The high-priced corporate lobbyists walking Capitol Hill corridors have a new mantra: innovation. They demand that Congress bring in more guest workers, especially from Asia, in order to maintain American innovation supremacy.
The lobbyists’ backup buzzword is “the best and the brightest.” They argue that U.S. workers in science, technology, engineering and mathematics are in short supply and we must now import foreign engineers and scientists, i.e., allow the multinationals to bring in an increased or even unlimited number of H-1B visas.
Their argument lacks evidence: Economics 101 teaches that shortages in labor or goods produce higher wages or higher prices. In fact, we have no shortage of engineers or computer techies, so their wages are stagnant and are certainly not going up. In 2005, we graduated 271,000 students with bachelor’s or master’s degrees in science and engineering who were citizens or legal residents. The dean of Duke University Engineering School says that 40 percent of his graduates do not get engineering jobs. Bill Gates and other multinationals simply prefer to hire Asians, particularly from India, who work for low wages and can be trained on the job.
Professor Norman Matloff examined the H-1B record and discovered that H-1B visa recipients are mostly employees of ordinary talent doing ordinary work. Most of them work at levels I and II, described by the Department of Labor in terms akin to apprenticeship, while very few H-1B workers are at level IV, the level of expertise whose description is associated with innovation. “Aliens of extraordinary ability” and outstanding professors and researchers can come into our country in another category, EB-1, and we welcome them.
Another argument used by the lobbyists is that international comparisons of math and science K-12 test scores show that Americans are weak. That cannot be used as evidence because India and China refuse to participate in those tests. Professor Matloff dispels the myth that our tech industry owes its success to math geniuses coming from Asia. The evidence does not support this “Asian mystique.”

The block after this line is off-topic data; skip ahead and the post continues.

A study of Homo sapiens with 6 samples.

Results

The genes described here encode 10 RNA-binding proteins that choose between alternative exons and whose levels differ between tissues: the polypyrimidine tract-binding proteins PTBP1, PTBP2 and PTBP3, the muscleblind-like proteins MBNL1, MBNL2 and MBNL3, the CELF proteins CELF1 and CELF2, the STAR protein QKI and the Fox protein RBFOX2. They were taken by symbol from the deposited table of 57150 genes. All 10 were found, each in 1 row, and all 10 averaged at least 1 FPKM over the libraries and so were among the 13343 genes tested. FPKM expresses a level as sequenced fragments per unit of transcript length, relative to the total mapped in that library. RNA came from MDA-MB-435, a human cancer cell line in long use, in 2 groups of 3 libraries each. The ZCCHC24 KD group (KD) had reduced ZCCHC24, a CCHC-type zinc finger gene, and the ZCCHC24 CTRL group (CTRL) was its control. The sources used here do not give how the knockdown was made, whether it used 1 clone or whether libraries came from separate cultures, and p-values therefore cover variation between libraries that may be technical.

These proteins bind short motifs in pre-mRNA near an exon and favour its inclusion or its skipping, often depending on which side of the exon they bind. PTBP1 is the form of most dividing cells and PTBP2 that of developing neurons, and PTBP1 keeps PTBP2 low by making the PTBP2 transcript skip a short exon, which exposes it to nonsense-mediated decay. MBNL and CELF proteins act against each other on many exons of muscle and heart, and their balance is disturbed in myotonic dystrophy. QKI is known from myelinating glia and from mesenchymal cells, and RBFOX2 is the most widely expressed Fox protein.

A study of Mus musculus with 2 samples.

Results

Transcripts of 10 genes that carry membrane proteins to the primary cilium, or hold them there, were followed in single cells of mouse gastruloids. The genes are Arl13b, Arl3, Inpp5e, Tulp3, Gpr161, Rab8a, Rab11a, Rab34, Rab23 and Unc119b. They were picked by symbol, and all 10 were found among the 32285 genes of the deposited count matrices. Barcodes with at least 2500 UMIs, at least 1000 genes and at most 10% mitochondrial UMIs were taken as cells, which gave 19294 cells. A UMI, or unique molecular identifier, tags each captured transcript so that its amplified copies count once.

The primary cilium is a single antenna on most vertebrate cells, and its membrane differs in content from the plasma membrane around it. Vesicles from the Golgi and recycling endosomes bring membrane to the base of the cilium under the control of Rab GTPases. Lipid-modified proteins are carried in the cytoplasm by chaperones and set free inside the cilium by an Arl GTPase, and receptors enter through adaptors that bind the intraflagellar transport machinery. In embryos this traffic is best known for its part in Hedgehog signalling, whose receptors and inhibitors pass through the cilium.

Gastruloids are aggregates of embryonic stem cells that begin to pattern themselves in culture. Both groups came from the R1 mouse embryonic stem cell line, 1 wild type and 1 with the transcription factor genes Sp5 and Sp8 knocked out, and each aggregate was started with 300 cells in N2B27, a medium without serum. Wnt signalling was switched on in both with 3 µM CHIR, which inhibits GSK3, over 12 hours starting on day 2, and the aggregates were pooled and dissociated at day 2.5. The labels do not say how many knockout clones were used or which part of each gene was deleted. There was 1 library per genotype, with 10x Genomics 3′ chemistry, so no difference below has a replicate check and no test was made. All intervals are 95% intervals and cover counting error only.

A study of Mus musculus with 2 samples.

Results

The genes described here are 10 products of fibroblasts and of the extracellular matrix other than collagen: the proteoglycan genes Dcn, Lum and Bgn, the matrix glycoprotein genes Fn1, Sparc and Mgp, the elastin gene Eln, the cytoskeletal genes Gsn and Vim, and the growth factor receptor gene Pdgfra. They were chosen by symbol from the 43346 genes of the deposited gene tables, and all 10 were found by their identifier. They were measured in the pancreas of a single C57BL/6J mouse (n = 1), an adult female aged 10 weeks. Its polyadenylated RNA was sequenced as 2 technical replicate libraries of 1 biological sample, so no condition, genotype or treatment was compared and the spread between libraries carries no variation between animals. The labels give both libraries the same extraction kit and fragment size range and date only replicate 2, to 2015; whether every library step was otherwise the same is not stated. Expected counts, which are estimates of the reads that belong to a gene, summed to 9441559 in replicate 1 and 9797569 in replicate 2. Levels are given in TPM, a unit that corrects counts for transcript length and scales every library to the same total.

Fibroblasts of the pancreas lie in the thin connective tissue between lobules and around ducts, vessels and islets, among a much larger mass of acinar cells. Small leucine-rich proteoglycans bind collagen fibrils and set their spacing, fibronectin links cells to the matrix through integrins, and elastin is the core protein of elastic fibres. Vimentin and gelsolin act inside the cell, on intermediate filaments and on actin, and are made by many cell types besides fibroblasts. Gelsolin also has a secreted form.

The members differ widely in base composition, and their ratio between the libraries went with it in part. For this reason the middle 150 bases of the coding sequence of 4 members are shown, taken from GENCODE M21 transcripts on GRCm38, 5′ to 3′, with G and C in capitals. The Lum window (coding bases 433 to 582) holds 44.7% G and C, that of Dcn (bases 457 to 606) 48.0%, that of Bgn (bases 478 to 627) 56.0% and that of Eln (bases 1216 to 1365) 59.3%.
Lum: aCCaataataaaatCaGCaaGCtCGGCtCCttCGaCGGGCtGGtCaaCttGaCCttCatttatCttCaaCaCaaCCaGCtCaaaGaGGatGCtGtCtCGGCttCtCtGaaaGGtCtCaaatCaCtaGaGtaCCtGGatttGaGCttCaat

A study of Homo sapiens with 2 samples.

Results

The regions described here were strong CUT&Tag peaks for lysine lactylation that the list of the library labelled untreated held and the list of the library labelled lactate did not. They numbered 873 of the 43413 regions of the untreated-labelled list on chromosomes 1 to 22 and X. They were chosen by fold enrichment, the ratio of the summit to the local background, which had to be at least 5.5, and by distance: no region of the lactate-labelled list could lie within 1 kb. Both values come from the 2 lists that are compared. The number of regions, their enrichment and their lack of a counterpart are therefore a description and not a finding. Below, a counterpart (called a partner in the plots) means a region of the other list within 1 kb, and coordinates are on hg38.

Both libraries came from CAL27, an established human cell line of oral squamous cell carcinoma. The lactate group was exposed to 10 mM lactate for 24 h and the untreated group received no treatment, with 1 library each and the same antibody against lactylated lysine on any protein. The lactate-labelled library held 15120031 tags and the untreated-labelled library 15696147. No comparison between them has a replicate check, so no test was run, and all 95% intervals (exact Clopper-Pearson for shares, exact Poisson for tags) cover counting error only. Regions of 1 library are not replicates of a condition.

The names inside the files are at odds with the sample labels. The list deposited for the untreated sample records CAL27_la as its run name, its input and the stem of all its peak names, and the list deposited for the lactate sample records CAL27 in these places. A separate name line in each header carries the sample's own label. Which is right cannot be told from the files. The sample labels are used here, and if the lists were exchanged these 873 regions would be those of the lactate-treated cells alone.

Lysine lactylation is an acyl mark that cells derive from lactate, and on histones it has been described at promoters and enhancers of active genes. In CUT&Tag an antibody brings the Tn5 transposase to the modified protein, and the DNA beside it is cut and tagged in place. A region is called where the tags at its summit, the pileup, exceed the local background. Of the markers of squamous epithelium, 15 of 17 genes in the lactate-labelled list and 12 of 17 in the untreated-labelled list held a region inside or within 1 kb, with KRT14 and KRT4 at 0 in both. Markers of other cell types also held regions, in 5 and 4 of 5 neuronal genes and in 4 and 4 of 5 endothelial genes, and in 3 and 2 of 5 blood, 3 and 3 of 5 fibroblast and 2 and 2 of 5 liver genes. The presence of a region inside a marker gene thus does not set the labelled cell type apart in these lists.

The Department of Homeland Security is doing its part to help the multinationals hire foreign graduates of U.S. universities instead of Americans by increasing the time foreign students can join the U.S. labor pool without an H-1B visa from 12 months to 29 months.
On a Friday afternoon, DHS quietly announced a new regulation that figuratively staples an H-1B visa to the diploma of all foreign graduates in science, technology, engineering or math. This bureaucratic edict really increases the H-1B cap by 23,000, which is the number of foreign students getting degrees in science, math and engineering this year.
Foreigners can remain in the United States for up to six years on an H-1B visa. That’s plenty of time to have an anchor baby and stay forever, and there is no accounting of those who leave when their visa time is up.
The H-1B program was originally set up to help U.S. companies by allowing them to bring in specially qualified foreigners to fill jobs for which no American can be found. But six of the top 10 H-1B visa recipients in 2007 are based in India, and two others headquartered in the U.S. have most of their operations in India.
This year’s keynote session of the American Institute of Mining, Metallurgical, & Petroleum Engineers revealed how U.S. supremacy in technology is under attack in even more devious ways. A panel of speakers described the future role of U.S. engineers in the 21st century.
One speaker proclaimed that “pure engineering tasks” will all be outsourced, that our engineers must realize they are “citizens of the world,” and that we must abandon “the engineer of the past, with a slide rule hanging from his belt,” and change into a “personable manager with an engineering background” who will create personal relations with “external” clients.
A second speaker predicted that “engineering jobs will develop overseas and stay there since the technical resources will be there and the infrastructure will follow.” A third speaker said that an engineer must “be prepared to jump from one place to another” because it’s “risky for engineers to be focused on a very narrow aspect of any specific job.”
A fourth speaker said that our challenge is “not so much the technical engineering but the sociopolitical engineering.” A fifth speaker said, “The quality and quantity of R&D going overseas is increasing faster than it is here in the United States.” We wonder if there is any longer a purpose in American students taking the scholarly road of engineering school. To paraphrase a once-popular TV ad, “Where’s the innovation?”